California Minimum Wage Law Exempts Panera Bread After Owner’s Donation to Gov. Newsom: Report

California Governor Gavin Newsom has signed into law a measure exempting Panera Bread from a recent minimum wage increase for fast-food chains, a move reportedly influenced by campaign donations from the billionaire CEO of Flynn Restaurant Group, which owns several Panera Bread locations in the state.

The law, known as the Fast Food Accountability and Standards Recovery Act (FAST Act), raises the minimum wage for fast-food workers from $16 to $20 an hour. However, it includes a notable exception for chains that primarily sell bread as a standalone item, benefiting businesses like Panera Bread.

Greg Flynn, CEO of Flynn Restaurant Group and a major donor to Newsom’s political campaigns, has been involved in business dealings with the governor, including the acquisition of a Napa Valley resort previously managed by Newsom’s hospitality firm. Flynn’s net worth is estimated at $1.1 billion, and he has contributed at least $164,800 to Newsom’s campaigns.

Flynn has denied involvement in crafting the bread exemption, and Newsom has described it as a typical aspect of political negotiations. The law, according to Newsom’s office, resulted from extensive discussions with various stakeholders over two years.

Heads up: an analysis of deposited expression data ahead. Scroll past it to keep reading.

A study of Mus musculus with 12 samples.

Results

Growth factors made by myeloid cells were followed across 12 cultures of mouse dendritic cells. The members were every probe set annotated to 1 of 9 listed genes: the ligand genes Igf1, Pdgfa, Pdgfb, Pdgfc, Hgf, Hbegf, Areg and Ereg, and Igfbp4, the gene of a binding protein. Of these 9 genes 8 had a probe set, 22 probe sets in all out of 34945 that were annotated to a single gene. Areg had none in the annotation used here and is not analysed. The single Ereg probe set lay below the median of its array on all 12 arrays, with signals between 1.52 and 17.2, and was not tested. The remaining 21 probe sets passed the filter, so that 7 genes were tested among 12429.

However, industry observers have raised eyebrows at the bread exemption, with the National Restaurant Association acknowledging the significance of relationships in shaping legislation. Flynn, initially critical of the wage increase, reportedly lobbied Newsom’s aides to reconsider Panera Bread’s classification as fast food.

The exemption for bread sellers was added to the legislation as a concession to gain the governor’s support, with a union advocating for the wage hike accepting it as part of the negotiation process.

Meanwhile, other fast-food chains like Chipotle and McDonald’s have warned of price hikes in response to increased labor costs. Chipotle’s CFO indicated that significant price increases were necessary to offset rising expenses, while McDonald’s CEO mentioned the likelihood of menu price adjustments in California.

In a separate development, Panera Bread recently agreed to a $2 million settlement in a class-action lawsuit alleging misleading practices regarding delivery order fees and menu prices.